The construction industry has faced six years of economic downturn. While some firms are thriving, the vast majority of companies have experienced declining revenues, margin pressure, challenging projects and balance sheet deterioration.
Now, construction company owners and senior leaders are focused on managing profitable growth after the recession. The key to any successful business is developing a written business plan and communicating it to the entire organization. The plan needs to be proactive and forward thinking, with a focus on market trends and future opportunities. The senior leadership team needs to be aligned with its strategic business and financial partners—including sureties, bankers, attorneys and CPAs—which collectively can share best practices and add tremendous value to contractors looking to grow.
Many firms experience the age-old issue of growing too fast. Controlled growth is the key to long-term success. Contractors should avoid having too many new areas of focus in their business plans, such as taking on a new type of work within a new geographic territory and adding new, untested people.
Diversification is another key to managing growth. The construction market remains very fragmented, with some markets growing and others declining. Successful contractors quickly identify emerging markets and take a very methodical approach to market entrance. They also spend ample time researching new markets and construction disciplines. Contractors should pursue smaller jobs before jumping into new areas with both feet. As businesses expand their geographic footprint, managing projects and labor from a distance becomes more difficult. Diversification allows contractors to put more cushion in their bids, with the goal of increased margin realization.
When entering a new territory, successful contractors find a local joint venture partner. This allows them to spread risk and gain access to additional talent, subcontractors and balance sheet resources. The “all eggs in one basket” approach often does not pan out in today’s zero-tolerance environment. Diversification in backlog allows the inevitable bad job to be isolated, ideally minimizing the impact on the balance sheet.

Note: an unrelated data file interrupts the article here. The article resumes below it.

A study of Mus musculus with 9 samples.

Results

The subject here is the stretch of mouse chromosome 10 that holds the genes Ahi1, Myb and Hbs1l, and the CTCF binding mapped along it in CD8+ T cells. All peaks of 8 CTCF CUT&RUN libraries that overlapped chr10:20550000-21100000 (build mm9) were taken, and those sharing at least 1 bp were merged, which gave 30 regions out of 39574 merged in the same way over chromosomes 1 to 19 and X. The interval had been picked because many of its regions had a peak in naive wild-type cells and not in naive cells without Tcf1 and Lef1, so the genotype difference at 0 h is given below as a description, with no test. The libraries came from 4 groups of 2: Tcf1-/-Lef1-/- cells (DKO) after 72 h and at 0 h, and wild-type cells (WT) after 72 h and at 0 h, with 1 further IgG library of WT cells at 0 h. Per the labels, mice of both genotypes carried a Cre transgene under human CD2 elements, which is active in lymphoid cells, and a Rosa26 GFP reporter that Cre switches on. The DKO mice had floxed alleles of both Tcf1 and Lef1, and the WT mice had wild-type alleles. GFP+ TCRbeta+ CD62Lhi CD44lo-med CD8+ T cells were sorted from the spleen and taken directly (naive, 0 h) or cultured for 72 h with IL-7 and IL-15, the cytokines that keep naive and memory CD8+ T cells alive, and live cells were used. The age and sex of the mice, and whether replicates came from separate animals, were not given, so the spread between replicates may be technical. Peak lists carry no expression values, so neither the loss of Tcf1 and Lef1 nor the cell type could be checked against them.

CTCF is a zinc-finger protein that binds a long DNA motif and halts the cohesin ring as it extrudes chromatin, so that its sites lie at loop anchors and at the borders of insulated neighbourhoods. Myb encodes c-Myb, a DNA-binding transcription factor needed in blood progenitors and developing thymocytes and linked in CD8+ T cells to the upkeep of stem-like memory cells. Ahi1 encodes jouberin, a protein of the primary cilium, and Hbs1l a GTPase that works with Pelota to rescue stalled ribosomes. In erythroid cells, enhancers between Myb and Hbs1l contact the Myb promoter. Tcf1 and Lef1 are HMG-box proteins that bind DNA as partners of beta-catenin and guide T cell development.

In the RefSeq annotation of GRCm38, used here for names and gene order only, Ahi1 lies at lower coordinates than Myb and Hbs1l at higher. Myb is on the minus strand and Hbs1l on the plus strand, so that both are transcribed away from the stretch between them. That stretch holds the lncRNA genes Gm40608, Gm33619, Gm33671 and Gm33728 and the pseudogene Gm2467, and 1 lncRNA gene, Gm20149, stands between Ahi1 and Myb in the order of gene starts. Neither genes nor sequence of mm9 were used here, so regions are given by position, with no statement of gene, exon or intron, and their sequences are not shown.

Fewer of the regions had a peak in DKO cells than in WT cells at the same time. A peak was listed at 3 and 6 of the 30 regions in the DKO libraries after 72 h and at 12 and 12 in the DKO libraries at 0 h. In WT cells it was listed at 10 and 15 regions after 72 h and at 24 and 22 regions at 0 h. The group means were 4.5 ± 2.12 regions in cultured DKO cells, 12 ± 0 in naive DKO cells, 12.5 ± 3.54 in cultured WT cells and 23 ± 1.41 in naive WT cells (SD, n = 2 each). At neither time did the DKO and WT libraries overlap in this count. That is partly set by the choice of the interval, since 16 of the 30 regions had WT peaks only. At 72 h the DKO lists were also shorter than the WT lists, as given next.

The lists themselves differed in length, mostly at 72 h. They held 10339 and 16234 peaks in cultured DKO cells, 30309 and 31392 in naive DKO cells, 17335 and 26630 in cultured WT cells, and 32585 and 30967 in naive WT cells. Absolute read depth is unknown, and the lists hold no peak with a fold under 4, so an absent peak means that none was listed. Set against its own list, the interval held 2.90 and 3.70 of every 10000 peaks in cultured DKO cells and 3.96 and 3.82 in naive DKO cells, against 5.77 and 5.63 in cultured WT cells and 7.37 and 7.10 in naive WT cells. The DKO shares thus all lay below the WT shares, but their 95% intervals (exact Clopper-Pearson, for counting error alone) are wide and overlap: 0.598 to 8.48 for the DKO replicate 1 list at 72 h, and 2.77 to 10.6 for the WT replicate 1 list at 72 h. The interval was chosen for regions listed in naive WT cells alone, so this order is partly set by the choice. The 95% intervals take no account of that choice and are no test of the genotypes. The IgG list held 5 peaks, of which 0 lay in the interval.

Adequate capital is another fundamental concept for managing growth. Successful contractors have built up a balance sheet over the years with resources that give financial partners the flexibility to support the growing business. In many situations, the work program and desires outpace the balance sheet for a period of time. It is critical for the contractor to communicate the roadmap to its financial partners so they can quickly develop a new strategy if the plan goes off course.
Job selection is critical to running any business and managing growth. Successful contractors fully review contract terms and conditions and work closely with surety partners in a collaborative effort to negotiate unacceptable risk out of their contracts.
Knowing where the fundamental risk lies and how much risk a firm can tolerate is half the battle. A great deal of time always has been spent on building the project within the specifications, but it is becoming increasingly more common in today’s environment to ask if the project can be built within the terms and conditions of the contract.
In the ever-changing world of technology, cost and accounting systems are essential in managing growth. Information is power, and the more information project managers and senior management have at their fingertips, the better their decisions will be. The systems available today continue to improve, and contractors should select the applications that fit both their immediate and future needs. Sureties and CPAs can be great resources for recommending what systems might be a good fit for managing growing organizations.
Talent management always has been, and will remain, a critical driver in managing a company’s growth. The construction industry is experiencing a rapidly aging workforce and, like other industries, is struggling to attract new talent. The firms with established training and mentoring programs will not only grow, but will grow profitably.
Despite the economic headwinds, signs of optimism exist as margins begin to tick up in certain markets and pipeline reports are growing for a number of construction firms. Historically, construction failures and surety losses increased after a longer-term construction recession, as balance sheets eroded with increased debt to service while businesses did not pare back overhead fast enough. A successful contractor manages overhead during difficult times by maintaining only its best workers and trimming expenses.
If a contractor stays focused on its business plan and can execute it while adhering to the aforementioned guidelines, it will be in a position to manage growth successfully.